For better or worse, the newest Hummer mostly shares the familiar personality.
August 18, 2005: 2:58 PM EDT
By Peter Valdes-Dapena, CNN/Money staff writer

Of course not. The major appeal of the Hummer is that it's not everyone's cup of extra-strong coffee.

Hummer owners, I would suspect, like the fact that their vehicles are somewhat difficult to live with. Even the Hummer H2, which was designed as a more palatable alternative to the original Hummer, is difficult to see out of and doesn't fit well into the typical parking space. It also gets dreadful gas mileage.

The new Hummer H3, which is smaller yet than the H2, is considerably easier to manage in the real world. Its gas mileage, at 19 miles per gallon on the highway with the automatic transmission, is in line with other SUVs of its size.

But for those who want to try out the ascetic Hummer lifestyle, it still has the trademark poor visibility and ultra-truck-like ride and handling.

Don't worry. This is no mommy-mobile. The H3 is still designed for true Hummer fans.

Without a doubt, it is the best looking Hummer yet. Unlike the Hummer H2, it actually has a shape. Where the H2 looks like a giant metal box on wheels, the H3 looks lean and strong. It's aggressive rather than just imposing.

Athletic appearance not withstanding, the H3's "lazy fat guy" power-to-weight ratio is going to be hard to swallow, even for true Hummer fans. Its 3.5-liter 5-cylinder engine produces 220 horsepower and 225 foot-pounds of torque.

Maybe that sounds OK when you compare it to the Jeep Grand Cherokee's base V-6 engine, which puts out 210 horsepower and 235 foot-pounds of torque. But the Hummer H3 is lugging around over 900 pounds more weight than the Grand Cherokee.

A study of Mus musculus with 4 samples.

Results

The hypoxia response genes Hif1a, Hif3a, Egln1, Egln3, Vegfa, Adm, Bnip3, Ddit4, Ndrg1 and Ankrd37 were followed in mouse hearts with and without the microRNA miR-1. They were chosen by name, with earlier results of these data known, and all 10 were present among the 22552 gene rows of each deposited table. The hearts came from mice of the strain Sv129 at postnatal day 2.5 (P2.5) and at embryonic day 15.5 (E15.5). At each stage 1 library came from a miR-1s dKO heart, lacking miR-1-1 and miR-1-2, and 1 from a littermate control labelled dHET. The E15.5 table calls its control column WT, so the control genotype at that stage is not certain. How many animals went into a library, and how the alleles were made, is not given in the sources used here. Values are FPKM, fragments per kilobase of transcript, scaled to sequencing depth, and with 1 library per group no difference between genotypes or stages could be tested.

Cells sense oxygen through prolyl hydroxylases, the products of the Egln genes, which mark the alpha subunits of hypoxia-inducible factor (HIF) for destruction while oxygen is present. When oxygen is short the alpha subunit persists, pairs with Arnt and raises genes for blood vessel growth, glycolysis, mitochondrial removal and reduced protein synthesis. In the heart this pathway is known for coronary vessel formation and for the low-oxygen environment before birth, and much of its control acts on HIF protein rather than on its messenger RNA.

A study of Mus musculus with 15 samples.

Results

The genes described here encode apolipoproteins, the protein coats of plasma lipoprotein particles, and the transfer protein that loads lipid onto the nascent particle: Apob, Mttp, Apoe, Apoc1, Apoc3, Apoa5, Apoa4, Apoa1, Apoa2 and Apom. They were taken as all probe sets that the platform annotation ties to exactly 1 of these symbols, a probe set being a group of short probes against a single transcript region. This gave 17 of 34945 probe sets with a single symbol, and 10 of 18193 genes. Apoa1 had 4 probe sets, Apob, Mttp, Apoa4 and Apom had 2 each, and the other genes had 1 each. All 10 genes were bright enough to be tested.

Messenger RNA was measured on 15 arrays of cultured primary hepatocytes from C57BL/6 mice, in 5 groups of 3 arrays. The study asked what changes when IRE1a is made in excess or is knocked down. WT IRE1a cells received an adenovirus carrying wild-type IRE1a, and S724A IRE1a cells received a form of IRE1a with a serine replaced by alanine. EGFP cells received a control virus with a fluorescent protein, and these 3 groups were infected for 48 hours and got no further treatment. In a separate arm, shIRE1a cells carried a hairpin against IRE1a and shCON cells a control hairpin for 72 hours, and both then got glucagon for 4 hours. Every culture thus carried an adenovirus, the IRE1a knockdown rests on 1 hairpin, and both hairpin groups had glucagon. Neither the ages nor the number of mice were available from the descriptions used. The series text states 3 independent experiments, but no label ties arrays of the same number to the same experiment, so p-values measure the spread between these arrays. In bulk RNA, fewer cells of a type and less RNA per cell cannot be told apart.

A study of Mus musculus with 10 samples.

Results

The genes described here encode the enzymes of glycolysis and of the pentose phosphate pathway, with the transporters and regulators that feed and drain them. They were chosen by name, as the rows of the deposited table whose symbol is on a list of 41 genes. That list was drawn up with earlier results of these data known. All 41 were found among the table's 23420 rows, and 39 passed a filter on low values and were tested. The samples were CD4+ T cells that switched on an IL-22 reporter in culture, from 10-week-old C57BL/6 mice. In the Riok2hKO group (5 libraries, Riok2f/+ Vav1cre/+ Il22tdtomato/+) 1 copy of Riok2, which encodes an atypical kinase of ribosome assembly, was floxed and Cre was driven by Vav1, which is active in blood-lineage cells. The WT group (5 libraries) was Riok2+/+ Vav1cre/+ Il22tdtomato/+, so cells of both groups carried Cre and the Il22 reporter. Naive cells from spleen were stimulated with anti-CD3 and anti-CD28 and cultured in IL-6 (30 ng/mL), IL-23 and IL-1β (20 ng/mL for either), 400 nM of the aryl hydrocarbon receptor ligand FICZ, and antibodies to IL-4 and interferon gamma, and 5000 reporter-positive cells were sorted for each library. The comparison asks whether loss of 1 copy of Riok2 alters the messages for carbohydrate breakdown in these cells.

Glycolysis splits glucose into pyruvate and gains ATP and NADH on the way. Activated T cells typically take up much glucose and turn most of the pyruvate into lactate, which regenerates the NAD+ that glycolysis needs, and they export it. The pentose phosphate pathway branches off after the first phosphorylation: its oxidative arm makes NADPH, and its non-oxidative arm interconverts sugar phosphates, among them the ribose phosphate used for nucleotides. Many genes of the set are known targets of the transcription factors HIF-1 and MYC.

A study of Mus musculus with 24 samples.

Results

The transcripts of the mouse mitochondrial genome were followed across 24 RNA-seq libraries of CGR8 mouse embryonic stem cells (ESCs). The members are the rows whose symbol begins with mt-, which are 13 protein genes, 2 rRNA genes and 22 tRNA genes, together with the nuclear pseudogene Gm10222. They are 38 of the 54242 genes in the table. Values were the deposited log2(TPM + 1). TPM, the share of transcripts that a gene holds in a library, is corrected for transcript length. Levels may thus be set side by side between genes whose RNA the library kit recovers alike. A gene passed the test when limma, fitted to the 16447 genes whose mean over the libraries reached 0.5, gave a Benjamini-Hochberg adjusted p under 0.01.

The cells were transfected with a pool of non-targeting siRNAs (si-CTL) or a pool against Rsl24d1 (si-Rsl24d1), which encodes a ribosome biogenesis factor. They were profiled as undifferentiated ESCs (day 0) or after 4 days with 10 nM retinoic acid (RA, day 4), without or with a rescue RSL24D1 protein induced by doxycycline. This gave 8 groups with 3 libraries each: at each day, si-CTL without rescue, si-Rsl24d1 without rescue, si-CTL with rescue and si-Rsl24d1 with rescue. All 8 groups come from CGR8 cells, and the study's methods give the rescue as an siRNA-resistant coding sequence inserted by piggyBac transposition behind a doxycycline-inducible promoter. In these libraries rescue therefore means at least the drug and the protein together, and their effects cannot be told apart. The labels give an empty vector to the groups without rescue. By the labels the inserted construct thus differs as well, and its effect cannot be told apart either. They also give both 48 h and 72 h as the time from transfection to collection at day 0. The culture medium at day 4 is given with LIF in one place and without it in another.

It feels OK cruising around town but try to get some serious acceleration going -- especially if you happen to be going uphill -- and your macho ride suddenly feels like a six-year-old pulling a wagon full of cinder blocks.

About the ride

By the way, if you're considering the Hummer, I would strongly suggest the automatic transmission, a $1,700 option, for safety reasons. It comes with StabiliTrak, GM's stability-control program, a computerized system that helps prevent rollovers and loss of control during abrupt maneuvers.

Given that the H3 is particularly narrow and tall, a profile that generally maximizes the tendency to tip over, I wouldn't take an H3 without stability control.

The rear suspension is good old-fashioned leaf springs on a big solid axle, so the ride is bouncy and rough. Hummers are supposed to feel like they don't really belong on paved roads, though, so the effect is lively but livable. Actually, I found it kind of fun.

Then again, in my younger days I happily drove a 4x4 with solid axles in the front and the rear. After that, I can't object to much.

Inside, GM's interior designers did a really nice job with the H3. The look is sportier and more modern than the deliberately unfinished look of the Hummer H2. My test model had leather seating surfaces, part of a $1,300 option package. The big, beefy leather-wrapped steering wheel was just great.

Less great was the nasty hard plastic on the dash and door panels. That was a real let-down especially on an interior that was otherwise so nice.

Visibility, especially out the side and back, is sacrificed for the sake of the tiny-windowed armored-truck look.

So even though the H3 is a lot easier to park than the H2, it still requires a lot of guesswork as cars behind you disappear from view at a distance of several feet. There is no optional back-up warning system, either, to let you know when you're getting close to something as you back up.

To make matters worse, big metal "recovery hooks" on the front and back bumpers will maximize the penalty for any vehicle that dares to park in your way. If you happen to parallel park a lot, keep your insurance card handy.

Base price for the Hummer 3 is about $29,000. Well-equipped versions, like the one I tested, can range into the upper $30,000 territory.

Overall, if you're just shopping for a nice mid-sized SUV and you thought you might consider the Hummer H3, stop right there. There are plenty of other SUVs out there that will probably make you happier.

But if the thought of owning a Hummer makes you all giddy, go take a look. Just avoid short highway merge lanes and leave lots of room behind you.